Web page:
New British number one Katie O'Brien believes the big changes being carried out by the Lawn Tennis Association can produce several top 100 women players.
O'Brien moved back to the top of the British rankings in Eastbourne
LTA chief executive Roger Draper has overseen the recruitment of a number of high-profile coaches since taking charge 14 months ago.
And the £39m National Tennis Centre finally opened in March.
"The facilities are absolutely fantastic so that will clearly help the British players," said O'Brien.
"I think there are five or six of us currently playing who have got a realistic chance of making the top 100.
"If one of us can make that breakthrough, then there's no reason why the others can't either."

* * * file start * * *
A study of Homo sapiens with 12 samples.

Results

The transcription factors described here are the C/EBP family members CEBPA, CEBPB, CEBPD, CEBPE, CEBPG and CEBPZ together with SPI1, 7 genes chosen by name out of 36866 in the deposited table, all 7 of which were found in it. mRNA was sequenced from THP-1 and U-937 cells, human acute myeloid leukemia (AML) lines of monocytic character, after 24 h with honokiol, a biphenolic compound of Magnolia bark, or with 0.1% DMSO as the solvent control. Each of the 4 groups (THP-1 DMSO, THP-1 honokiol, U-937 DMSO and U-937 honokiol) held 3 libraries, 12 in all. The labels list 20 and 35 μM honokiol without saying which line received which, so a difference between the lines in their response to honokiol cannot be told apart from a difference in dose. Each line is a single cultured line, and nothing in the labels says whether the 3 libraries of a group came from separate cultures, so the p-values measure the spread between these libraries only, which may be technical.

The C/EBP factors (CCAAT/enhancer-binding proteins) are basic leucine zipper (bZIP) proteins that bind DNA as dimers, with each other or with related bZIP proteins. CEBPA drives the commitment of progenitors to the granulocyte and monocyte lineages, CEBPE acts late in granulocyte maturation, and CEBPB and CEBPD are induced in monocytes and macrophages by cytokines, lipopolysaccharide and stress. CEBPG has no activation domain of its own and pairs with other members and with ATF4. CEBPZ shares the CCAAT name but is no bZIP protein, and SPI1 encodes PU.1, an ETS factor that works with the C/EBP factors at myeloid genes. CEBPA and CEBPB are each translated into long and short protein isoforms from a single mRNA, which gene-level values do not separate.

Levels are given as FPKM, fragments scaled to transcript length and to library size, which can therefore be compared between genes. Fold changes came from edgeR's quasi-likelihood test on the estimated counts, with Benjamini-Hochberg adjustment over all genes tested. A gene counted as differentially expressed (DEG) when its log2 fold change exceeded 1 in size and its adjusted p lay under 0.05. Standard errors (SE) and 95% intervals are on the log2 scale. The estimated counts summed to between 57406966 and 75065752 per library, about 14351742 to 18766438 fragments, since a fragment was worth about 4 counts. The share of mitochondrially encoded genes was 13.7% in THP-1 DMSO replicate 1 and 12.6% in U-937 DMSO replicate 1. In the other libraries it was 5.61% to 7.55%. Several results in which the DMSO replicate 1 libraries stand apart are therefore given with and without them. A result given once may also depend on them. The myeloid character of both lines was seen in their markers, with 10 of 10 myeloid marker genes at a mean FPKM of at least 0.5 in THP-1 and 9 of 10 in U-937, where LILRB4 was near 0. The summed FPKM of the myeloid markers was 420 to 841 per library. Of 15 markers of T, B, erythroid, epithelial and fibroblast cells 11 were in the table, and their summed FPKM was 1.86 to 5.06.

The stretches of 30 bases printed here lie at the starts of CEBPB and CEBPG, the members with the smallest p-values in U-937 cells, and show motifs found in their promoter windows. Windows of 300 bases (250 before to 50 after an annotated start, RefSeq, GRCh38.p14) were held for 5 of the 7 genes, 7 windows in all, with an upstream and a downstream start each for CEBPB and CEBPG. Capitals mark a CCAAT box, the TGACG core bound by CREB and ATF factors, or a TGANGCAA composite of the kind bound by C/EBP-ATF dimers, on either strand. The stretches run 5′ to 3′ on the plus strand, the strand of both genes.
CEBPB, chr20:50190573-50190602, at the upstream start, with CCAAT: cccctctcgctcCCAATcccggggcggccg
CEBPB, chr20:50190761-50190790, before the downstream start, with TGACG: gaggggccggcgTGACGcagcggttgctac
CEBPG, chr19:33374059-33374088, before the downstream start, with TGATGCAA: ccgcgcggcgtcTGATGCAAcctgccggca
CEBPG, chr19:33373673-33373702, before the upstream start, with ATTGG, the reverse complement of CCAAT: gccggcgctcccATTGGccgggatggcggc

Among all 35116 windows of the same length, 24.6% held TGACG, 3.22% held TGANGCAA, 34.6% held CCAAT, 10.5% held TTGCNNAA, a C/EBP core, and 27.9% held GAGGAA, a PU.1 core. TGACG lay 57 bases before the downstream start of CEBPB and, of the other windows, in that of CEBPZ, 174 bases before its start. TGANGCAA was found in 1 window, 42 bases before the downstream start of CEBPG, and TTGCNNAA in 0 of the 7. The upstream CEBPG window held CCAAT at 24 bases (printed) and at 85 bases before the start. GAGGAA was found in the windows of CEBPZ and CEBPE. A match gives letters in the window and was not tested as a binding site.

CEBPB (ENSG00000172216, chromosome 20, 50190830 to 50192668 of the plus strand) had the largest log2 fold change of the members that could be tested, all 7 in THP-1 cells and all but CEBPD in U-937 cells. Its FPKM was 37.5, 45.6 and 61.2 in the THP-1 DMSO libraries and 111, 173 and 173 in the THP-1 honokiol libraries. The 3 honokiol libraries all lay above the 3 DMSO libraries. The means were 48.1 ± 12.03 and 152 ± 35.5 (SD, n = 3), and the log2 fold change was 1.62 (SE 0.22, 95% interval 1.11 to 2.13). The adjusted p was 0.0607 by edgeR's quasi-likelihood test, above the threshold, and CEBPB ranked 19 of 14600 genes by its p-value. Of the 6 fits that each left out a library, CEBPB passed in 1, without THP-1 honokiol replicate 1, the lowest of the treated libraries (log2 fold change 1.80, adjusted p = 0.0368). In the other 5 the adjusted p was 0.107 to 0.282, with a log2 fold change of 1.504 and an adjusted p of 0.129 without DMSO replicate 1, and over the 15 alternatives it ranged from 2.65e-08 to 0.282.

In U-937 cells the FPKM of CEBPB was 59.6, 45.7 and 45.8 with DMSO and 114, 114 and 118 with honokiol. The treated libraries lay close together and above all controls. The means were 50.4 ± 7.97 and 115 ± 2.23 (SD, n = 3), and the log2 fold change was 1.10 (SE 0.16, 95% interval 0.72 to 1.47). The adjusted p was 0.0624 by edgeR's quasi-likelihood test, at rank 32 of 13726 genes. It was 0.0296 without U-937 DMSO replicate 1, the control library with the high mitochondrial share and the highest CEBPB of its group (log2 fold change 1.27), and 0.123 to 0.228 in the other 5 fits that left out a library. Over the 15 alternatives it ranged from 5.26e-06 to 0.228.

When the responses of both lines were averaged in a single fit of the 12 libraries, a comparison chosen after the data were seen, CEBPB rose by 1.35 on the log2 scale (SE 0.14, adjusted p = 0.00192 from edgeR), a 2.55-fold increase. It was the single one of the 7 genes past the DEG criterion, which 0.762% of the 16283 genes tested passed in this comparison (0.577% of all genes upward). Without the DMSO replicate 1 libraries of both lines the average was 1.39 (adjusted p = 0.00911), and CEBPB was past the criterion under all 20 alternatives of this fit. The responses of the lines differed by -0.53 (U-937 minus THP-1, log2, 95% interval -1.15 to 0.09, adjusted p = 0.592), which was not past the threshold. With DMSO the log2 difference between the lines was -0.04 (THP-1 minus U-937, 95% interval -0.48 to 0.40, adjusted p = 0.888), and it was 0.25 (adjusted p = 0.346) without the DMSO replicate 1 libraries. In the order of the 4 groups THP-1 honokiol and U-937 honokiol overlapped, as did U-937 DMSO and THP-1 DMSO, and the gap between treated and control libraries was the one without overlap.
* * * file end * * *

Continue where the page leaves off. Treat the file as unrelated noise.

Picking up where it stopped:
The 21-year-old said she was "excited" by the new-look LTA.
The hard work starts after Wimbledon's finished
"It's still a transitional phase, if you like. Not everything is set in stone yet. There are still lots of changes and we're having to adapt to that.
"If we continue to do well and push ourselves up the rankings, it's going to be an exciting time.
"We've got no excuses any more. It's down to the players ultimately."
O'Brien clinched the national number one spot at Eastbourne, where three British players reached the second round for the first time since 1991.
The Yorkshire player is determined to build on that success.
"I want to be a top-100 player, playing in events like Eastbourne week in, week out," she said.
"It's been alright this week but now it's a matter of maintaining that," added O'Brien, who has a wildcard for Wimbledon although she has not got beyond the first round in three previous attempts.
"It's often happened in the past that British girls have had one good week during the grass-court season and think they've made it.
"The hard work starts after Wimbledon's finished."